As I wrap up this degree with the final capstone course (that I hopefully won’t have to retake), I find myself asking the exact same question I did when I was applying to the program – how much will it cost? This time I’m not talking about tuition – that last payment was four days ago and I’ll never think of it again – I’m talking about the cost of the cloud.
AsteroidCrusaders runs on AWS. So far we have three EC2 T2 micro instances (front end, back end, game server), a hosted zone, and some tables in DynamoDB. SSL certs are free these days if you’re willing to do a little maintenance every three months. There are a few other random costs like Secrets, but that is only a few cents. Our biggest single expense was for asteroidcrusaders.com at $12, I think that is for a year. So, if we didn’t have a free tier account that would all probably add up to 10-20 bucks per month.
But what happens if people actually play the game? We will have to leverage more of everything from AWS. And at some point, we’ll start to care about how much the infrastructure costs per user. We would need that number (hypothetically) to determine how many ads we have to saturate the page with or how much to charge for the very fine privilege of flying an orange triangle around instead of the boring old green one. There is plenty that goes into these calculations that I have no ability to predict right now, much like the memory leaks in my game code clogging up our EC2 game servers. Hopefully our EC2 usage efficiencies will go up in the near future. There is one cost, however, that I haven’t yet mentioned which will scale in a very predictable way: data transfer cost.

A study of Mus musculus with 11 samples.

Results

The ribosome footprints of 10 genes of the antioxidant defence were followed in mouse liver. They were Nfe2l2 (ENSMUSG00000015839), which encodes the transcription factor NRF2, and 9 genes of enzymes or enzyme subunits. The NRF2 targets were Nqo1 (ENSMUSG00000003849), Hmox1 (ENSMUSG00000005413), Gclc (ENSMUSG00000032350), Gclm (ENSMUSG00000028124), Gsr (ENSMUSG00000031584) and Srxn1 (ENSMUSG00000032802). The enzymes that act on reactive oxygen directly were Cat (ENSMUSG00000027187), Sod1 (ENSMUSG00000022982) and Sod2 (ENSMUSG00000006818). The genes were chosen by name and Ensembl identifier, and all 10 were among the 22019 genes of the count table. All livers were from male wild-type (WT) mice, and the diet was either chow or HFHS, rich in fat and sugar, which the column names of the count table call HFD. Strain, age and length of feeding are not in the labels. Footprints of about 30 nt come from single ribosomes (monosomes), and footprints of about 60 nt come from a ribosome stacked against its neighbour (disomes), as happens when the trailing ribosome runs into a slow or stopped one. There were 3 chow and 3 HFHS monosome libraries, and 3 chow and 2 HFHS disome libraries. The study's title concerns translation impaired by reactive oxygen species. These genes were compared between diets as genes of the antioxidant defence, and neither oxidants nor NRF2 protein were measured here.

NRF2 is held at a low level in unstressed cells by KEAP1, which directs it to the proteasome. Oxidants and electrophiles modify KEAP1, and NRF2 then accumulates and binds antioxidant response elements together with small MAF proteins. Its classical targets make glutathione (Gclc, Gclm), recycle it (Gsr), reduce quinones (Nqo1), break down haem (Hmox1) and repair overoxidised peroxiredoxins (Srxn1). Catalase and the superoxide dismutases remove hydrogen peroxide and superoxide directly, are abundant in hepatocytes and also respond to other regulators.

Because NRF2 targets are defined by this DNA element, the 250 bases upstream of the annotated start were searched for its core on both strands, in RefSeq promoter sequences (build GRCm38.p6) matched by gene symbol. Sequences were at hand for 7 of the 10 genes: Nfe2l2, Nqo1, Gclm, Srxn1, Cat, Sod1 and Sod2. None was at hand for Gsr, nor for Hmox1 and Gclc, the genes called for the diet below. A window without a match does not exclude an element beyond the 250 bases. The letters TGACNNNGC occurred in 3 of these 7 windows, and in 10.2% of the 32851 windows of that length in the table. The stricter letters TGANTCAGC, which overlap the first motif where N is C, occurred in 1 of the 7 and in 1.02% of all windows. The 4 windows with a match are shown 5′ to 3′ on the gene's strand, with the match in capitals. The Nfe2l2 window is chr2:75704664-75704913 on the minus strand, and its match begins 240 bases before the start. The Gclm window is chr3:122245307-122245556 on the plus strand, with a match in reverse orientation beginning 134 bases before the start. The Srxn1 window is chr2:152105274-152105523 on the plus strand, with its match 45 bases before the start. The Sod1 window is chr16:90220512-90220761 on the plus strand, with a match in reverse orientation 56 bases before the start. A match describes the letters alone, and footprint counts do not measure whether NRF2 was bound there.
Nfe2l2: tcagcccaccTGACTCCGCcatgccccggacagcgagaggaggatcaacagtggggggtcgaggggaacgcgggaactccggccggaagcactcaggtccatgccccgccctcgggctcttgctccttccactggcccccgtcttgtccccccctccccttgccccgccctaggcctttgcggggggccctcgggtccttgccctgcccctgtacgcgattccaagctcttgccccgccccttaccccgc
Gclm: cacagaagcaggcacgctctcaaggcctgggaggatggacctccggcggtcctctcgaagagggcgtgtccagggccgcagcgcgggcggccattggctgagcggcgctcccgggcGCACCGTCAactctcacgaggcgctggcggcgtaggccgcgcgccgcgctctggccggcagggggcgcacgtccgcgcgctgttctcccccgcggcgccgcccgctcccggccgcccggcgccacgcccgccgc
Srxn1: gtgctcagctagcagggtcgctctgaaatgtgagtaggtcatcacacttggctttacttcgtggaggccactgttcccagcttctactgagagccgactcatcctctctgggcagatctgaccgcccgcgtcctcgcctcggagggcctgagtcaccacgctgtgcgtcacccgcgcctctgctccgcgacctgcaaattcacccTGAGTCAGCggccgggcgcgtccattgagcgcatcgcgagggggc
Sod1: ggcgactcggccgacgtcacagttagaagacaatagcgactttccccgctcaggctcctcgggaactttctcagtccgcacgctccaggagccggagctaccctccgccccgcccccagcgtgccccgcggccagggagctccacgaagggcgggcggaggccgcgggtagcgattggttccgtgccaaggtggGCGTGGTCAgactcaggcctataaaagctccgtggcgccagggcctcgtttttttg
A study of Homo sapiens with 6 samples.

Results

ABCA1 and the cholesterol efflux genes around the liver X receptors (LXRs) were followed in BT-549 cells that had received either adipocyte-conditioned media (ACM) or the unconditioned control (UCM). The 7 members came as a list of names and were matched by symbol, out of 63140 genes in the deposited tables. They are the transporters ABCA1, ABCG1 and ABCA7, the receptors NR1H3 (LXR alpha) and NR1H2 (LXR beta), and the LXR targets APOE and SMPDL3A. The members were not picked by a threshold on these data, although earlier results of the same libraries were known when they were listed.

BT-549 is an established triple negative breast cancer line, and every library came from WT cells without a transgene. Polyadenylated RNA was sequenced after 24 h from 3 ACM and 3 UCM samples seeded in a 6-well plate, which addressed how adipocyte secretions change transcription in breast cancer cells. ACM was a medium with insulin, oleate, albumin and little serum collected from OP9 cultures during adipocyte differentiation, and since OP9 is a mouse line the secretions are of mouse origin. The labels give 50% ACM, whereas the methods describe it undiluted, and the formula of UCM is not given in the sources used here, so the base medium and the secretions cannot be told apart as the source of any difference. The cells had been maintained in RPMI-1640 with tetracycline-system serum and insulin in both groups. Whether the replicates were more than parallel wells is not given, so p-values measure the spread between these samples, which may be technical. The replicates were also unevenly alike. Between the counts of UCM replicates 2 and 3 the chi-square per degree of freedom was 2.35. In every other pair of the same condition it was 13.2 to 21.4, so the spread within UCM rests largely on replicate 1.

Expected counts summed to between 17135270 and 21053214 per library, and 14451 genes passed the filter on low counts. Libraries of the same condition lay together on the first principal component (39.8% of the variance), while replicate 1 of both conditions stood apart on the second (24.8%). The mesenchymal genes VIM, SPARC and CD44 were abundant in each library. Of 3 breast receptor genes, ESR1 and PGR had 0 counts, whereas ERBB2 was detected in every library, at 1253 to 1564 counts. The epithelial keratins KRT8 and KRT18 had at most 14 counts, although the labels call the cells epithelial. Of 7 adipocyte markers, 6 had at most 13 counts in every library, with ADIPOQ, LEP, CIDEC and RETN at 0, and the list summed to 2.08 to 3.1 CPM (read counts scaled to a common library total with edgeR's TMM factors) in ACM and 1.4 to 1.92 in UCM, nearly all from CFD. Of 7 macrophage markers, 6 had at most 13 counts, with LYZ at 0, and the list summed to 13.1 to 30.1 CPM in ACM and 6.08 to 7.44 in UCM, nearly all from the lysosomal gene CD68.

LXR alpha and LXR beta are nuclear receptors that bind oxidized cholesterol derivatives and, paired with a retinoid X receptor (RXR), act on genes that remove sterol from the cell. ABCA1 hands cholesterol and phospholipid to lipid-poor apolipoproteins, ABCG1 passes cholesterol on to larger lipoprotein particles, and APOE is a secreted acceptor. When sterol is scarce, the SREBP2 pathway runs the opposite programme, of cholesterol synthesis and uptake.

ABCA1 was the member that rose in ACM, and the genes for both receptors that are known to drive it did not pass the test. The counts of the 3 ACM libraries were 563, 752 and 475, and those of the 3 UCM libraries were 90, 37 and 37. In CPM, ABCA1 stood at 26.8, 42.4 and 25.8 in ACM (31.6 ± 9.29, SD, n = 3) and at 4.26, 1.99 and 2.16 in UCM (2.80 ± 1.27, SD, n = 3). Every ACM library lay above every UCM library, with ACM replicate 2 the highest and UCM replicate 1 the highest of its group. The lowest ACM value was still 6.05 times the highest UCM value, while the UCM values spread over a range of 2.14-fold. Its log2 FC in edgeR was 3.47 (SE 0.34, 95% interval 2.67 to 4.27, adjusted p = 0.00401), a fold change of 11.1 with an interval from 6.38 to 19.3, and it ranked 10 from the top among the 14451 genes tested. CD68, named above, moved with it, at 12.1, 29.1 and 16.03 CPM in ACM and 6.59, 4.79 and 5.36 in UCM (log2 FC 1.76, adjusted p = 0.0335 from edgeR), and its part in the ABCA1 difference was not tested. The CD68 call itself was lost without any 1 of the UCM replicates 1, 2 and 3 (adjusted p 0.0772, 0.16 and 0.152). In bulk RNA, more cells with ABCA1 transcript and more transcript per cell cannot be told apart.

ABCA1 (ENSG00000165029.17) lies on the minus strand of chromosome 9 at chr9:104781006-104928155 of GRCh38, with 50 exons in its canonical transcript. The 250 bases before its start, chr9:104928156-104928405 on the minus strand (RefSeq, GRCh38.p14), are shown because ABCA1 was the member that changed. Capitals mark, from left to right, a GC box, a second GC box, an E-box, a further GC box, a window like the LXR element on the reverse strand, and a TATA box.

As we come up on the midpoint demonstration, AsteroidCrusaders runs all simulations on the server. Why? Because that makes it simple to synchronize all the clients and we need something to demonstrate. So 30 times per second, the game server collects all of the inputs from the connected players, does some trigonometry that had me reaching for my 8th graders math book, and feeds back to every connected client the new positions of all the triangles in space. What the game server does not do yet is check for collisions. We’re only at the course midpoint after all.
The point is AWS is going to charge us for each of the 30 position updates per second that are sent from the EC2 game server back to the client. After a free GB on the house, it’s going to cost about $0.10 per GB for a good while until bulk pricing starts to bring that back down. To plug in some numbers, for each object in the game world the game server send two 32 byte numbers for the x and y coordinates, 8 bytes for the object id, and a byte for its rotation, and perhaps 10 other bytes for random flags (we will omit all the bytes for the json structure we currently use and pretend we’re better than that). So that is 83 bytes per object in space sent to each connected client 30 times per second. With 50 asteroids and 3 players, that would be ( 83 * 53 * 3 * 30) 395910 bytes per second leaving AWS and getting charged. If those players play for an hour they will have used 1.43 GB, or $0.14!
OK, we’re not quite at tuition dollar amounts yet, but I’m still glad I took the time to figure this out before seeing the AWS bill (go ahead, ask me about my student loan interest), and we actually have taken steps to control this cost, such as taking steps to ensure a player can’t idle for too long in the game world and dropping the idea of letting players shoot thousands of missiles. Lasers are much cooler anyway.